K2 – The Savage Mountain is the story of the Third American Karakoram Expedition that were challenged to summit the 2nd highest peak in the world K2, in the summer of 1953. As with many of these real-life stories, they got so close yet so far.
Some of the crew in this expedition had been on a previous trip so had some experience with what K2 had to offer. They were familiar with the routes and possible camp spots so they had what they needed to make this a successful climb. They also had all they needed to know that this was also a seriously dangerous undertaking.
K2 – The Savage Mountain starts with detailing the expedition from it’s conception through to building the team and fundraising. You get a real sense of all the work a feat like this requires, and how much work is invested beyond the climbing on the mountain. Houston adds the history of the area and the climbing of the mountain as well giving the reader some added context to what they were trying to achieve. There was the base camp prep, acclimatisation as well as, of course, the climb itself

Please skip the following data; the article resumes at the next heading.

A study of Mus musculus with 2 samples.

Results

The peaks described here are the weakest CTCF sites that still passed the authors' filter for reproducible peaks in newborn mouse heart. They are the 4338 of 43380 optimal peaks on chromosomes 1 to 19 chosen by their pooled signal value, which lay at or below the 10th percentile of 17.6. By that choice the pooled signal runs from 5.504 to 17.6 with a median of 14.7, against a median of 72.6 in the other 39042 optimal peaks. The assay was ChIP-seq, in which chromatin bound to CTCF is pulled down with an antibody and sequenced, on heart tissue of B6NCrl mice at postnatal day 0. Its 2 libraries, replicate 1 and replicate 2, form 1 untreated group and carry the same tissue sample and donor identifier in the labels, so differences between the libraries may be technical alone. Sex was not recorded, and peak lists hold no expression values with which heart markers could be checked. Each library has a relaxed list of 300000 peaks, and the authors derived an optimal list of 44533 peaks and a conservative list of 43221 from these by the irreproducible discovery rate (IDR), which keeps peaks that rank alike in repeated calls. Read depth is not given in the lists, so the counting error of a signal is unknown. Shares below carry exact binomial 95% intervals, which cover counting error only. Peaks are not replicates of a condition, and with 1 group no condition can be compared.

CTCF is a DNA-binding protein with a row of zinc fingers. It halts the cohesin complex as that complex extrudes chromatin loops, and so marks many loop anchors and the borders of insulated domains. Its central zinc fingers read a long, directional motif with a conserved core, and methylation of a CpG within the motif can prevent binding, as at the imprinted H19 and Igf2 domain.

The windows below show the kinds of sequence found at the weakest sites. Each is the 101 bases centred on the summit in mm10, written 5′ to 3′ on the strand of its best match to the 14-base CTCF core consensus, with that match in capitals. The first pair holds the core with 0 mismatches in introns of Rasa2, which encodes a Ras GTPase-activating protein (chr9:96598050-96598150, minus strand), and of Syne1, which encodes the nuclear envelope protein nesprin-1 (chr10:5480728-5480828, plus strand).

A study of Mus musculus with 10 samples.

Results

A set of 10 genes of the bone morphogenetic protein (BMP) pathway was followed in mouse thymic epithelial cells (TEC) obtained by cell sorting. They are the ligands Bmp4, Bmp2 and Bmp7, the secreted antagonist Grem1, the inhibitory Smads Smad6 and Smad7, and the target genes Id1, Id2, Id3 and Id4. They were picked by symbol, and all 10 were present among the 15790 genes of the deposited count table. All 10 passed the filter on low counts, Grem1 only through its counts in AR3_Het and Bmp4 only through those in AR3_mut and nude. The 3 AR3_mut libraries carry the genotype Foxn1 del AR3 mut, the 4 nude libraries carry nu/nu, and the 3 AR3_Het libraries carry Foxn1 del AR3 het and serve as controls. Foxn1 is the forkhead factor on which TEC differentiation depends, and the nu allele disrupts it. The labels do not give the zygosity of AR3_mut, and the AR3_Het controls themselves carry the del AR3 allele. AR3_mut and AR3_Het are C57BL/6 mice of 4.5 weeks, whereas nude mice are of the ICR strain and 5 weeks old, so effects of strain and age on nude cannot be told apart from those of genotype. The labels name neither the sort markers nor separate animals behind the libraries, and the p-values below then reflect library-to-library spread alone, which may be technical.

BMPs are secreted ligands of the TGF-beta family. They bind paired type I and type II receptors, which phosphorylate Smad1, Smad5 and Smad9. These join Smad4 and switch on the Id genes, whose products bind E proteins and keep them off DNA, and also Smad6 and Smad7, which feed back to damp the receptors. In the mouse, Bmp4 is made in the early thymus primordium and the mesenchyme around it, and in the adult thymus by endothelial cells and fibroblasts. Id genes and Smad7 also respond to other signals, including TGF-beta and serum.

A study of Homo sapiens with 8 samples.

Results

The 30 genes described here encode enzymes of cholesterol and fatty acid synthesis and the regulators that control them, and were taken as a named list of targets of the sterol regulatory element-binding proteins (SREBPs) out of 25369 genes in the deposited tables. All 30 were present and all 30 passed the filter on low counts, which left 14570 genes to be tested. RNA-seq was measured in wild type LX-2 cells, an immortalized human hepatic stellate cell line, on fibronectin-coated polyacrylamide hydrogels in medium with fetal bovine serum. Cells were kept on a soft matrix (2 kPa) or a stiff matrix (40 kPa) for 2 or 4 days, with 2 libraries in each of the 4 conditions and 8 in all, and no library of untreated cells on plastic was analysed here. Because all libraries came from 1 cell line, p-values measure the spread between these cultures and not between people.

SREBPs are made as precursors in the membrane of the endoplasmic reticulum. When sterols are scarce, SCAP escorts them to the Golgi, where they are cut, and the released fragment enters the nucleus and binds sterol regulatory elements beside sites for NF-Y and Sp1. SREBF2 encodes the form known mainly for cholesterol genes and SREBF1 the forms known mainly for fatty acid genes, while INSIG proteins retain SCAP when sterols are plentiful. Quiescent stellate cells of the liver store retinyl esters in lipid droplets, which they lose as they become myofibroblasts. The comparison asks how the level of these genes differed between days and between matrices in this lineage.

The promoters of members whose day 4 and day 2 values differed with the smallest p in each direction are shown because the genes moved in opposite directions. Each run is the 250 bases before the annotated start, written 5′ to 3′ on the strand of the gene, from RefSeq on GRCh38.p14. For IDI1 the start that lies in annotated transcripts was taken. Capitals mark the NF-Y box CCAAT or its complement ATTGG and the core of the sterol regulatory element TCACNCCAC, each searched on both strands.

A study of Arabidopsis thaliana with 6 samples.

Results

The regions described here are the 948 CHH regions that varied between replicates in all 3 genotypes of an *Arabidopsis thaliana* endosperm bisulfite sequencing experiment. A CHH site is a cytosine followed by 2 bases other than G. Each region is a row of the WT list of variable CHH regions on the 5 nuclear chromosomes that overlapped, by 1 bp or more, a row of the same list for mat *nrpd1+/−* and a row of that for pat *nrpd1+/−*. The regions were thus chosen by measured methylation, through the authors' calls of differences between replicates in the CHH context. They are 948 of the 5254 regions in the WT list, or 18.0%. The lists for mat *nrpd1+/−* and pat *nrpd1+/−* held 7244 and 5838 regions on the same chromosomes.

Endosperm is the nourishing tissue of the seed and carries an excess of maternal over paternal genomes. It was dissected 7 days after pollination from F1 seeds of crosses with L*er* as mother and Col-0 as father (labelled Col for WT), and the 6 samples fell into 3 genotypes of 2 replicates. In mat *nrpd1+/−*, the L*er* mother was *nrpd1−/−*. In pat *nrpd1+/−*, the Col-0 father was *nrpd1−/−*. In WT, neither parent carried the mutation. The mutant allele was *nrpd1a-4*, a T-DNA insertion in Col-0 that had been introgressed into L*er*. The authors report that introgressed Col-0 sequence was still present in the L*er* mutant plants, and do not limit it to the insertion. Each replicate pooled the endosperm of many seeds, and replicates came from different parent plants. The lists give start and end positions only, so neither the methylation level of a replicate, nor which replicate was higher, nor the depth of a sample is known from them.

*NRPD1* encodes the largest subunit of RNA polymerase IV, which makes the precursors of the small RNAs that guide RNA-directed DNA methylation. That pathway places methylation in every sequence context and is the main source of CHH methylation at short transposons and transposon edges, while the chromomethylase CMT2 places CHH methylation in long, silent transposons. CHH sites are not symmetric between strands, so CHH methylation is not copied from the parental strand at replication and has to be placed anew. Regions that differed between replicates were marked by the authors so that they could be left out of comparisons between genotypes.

Published in 1954, within a year of the expedition, you have a real sense of closeness to the climbers and the reality of what happened on that mountain. This is emphasised even more by the fact it was written by the expedition leader Charles Houston and his associate Robert Bates. The writing style is pretty grounded – no hyperbolic statements but detail-led matter-of-factness. The leadership of Houston and the expertise of Bates comes through in their writing, creating a sense of calmness despite the dire situation that they found themselves in.
It’s often a grim but gripping read, leaving the reader willing the group on to reach their objective – safety. I felt on edge once they were on K2, but it didn’t stop it from being a page turner.